The Tragedy of Haftom Zarhum and its Aftermath
On Sunday night, October 18th, there was a terrorist attack on the Central Bus Station in Be’er Sheva. A young man stole Sergeant Omri Levi’s m-16 rifle, shot and killed the sergeant, and wounded 9 others. This is a story that quickly spread around the country, as everyone mourned the tragedy of the fallen sergeant. But there is another story that came soon after, but was rarely mentioned. That is the story of Haftom Zarhum, a twenty-nine year old Eritrean refugee, who was waiting for the bus in Be’er Sheva at the time of the attack. He was in Be’er Sheva that day to renew his work visa, waiting with some friends. When the shots went off, he ran, like many did, in an attempt to get to safety. But unlike all of the others, who ran as he did, he was mistaken for a terrorist and shot by a security guard. This didn’t knock him out or kill him, but he fell to the floor and was unable to move. The crowd, with the belief that he was a terrorist, surrounded him and brutally beat him. There were those on the side of the mob who tried to stop the beating, one who yelled that he was not a terrorist, but none prevailed in controlling the mob. Eventually, the paramedics came to take him away, though the crowd stood in their way and tried to stop them. Haftom died early Monday morning of his injuries.
* Picture: Times of Israel.
At first the guard who shot Haftom claimed that he yelled “AllaHu Akbar” as he was running, but there is no evidence to suggest that this was true. After the attack, once it had been realized what had been done, the authorities began to look for the mob that so brutally attacked an innocent and helpless man. There were videos that laid forth the entire scene, and people from the mob were identified. Originally it was thought that they would be tried for murder, but autopsy reports concluded that Haftom was killed by his bullet wounds, and not by the attack of the mob. Still, they are being charged with assault, aggravated assault, and/or attack of a helpless individual.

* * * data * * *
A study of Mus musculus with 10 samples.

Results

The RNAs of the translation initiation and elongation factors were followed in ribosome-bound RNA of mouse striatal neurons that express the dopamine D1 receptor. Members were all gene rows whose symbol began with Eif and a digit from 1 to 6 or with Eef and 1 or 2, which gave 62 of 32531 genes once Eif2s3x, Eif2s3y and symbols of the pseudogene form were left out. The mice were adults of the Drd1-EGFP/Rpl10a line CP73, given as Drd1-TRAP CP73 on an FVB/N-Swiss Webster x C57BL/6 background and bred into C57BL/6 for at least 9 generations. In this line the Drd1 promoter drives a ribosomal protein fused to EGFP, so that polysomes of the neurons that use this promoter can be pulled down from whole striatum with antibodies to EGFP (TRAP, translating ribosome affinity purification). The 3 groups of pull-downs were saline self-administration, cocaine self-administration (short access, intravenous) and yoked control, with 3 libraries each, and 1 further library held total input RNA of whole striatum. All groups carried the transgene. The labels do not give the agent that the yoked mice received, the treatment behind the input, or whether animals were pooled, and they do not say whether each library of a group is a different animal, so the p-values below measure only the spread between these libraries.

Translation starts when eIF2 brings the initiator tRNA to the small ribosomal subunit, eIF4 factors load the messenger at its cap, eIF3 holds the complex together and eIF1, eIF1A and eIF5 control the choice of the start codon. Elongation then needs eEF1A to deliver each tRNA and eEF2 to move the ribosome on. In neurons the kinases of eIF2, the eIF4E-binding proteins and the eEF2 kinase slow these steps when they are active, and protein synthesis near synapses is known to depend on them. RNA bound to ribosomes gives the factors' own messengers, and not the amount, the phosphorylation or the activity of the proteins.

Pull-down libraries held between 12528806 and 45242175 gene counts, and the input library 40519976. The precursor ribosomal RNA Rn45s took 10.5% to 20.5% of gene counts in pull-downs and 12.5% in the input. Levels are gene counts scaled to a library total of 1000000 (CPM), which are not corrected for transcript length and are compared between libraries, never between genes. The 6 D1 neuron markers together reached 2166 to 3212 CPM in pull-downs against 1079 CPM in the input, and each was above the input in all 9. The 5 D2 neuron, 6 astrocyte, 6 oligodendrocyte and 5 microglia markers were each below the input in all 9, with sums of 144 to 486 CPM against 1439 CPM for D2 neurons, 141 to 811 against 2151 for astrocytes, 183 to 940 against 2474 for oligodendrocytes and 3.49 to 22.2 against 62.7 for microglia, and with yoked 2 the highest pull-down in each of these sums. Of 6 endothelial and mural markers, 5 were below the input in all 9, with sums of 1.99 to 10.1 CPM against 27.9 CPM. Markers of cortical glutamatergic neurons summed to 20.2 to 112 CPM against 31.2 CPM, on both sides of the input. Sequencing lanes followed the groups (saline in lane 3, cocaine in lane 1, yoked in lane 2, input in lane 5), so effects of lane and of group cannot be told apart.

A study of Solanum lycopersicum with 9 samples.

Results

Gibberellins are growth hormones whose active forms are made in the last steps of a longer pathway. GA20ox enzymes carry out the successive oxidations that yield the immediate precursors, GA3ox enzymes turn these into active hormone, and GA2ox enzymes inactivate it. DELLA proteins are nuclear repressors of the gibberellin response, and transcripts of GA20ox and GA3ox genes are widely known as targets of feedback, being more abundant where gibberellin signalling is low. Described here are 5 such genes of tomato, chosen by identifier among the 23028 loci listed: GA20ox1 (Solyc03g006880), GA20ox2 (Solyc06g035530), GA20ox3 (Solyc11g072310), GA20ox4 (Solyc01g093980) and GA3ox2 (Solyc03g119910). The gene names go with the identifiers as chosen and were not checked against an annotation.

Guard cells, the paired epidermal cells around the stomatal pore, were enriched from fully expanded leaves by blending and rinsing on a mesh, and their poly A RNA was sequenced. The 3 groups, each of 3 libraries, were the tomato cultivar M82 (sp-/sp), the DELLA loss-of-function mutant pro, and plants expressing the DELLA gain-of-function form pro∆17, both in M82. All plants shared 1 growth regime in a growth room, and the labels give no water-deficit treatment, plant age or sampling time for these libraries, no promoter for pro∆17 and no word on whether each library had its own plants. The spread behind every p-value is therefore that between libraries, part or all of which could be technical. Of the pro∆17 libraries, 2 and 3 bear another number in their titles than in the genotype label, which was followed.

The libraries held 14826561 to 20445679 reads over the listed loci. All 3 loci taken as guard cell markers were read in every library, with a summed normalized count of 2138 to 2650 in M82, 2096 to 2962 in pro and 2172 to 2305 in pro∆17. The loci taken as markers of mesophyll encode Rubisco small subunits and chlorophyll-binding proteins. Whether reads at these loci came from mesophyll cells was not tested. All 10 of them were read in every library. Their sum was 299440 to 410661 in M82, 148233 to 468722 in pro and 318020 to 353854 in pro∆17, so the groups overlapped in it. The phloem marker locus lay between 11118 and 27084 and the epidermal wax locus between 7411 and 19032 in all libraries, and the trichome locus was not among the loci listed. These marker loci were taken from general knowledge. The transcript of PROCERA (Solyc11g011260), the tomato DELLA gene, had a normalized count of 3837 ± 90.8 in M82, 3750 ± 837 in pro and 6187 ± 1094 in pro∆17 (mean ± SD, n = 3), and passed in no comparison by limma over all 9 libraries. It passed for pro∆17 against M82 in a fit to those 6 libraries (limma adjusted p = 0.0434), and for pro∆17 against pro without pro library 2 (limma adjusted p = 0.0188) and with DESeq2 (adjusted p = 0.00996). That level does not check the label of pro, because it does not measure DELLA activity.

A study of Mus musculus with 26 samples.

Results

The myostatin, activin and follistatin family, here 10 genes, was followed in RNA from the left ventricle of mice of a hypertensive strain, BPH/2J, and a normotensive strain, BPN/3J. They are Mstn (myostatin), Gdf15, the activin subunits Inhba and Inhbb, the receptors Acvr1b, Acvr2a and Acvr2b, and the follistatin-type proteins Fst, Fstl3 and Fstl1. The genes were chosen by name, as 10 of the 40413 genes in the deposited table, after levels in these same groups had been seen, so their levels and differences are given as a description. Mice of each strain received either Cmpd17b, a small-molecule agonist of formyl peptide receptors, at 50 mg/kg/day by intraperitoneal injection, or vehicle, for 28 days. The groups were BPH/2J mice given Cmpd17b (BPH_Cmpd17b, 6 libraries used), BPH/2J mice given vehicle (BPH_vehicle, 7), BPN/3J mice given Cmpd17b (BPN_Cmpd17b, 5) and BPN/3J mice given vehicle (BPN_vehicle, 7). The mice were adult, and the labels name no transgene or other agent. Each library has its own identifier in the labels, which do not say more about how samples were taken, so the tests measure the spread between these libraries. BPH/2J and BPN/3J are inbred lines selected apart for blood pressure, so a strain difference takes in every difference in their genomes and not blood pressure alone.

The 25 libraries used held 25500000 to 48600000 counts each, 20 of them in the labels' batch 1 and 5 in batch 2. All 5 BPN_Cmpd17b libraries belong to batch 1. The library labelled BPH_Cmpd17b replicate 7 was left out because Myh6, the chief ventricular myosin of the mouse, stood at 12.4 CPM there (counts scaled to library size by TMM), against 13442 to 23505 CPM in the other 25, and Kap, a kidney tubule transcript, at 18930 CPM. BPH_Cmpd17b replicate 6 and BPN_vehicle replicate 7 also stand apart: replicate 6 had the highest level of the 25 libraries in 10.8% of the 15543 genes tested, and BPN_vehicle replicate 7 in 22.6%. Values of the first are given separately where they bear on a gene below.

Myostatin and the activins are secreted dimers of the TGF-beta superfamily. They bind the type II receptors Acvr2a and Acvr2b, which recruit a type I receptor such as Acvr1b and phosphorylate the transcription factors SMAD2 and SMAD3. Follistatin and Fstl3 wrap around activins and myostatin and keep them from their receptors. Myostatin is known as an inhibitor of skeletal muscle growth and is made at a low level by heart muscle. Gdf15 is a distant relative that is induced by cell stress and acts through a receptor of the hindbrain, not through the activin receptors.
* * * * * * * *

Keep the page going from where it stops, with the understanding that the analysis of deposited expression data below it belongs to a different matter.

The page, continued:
It was ruled that Haftom’s family was not eligible for security benefits from the government, but Yehuda Weinstein, Attorney General of the state, suggested that the family be given compensation. Hopefully the country will do right by then, even though what they do can never make up for Haftom’s family’s loss. Over two-thousand people came to Haftom’s memorial service, most of whom did not know him, but all of whom mourned his loss. There were two hundred Israelis who came to show their support. Many people got up and spoke about Haftom, most of whom didn’t know him personally. They spoke about the loss they felt, about the danger they felt in a country that treated them and their entire people as separate from the general population. Haftom’s death is an awful tragedy. Hopefully this tragedy will not be forgotten, and for Haftom’s sake, at least lessons will be learnt.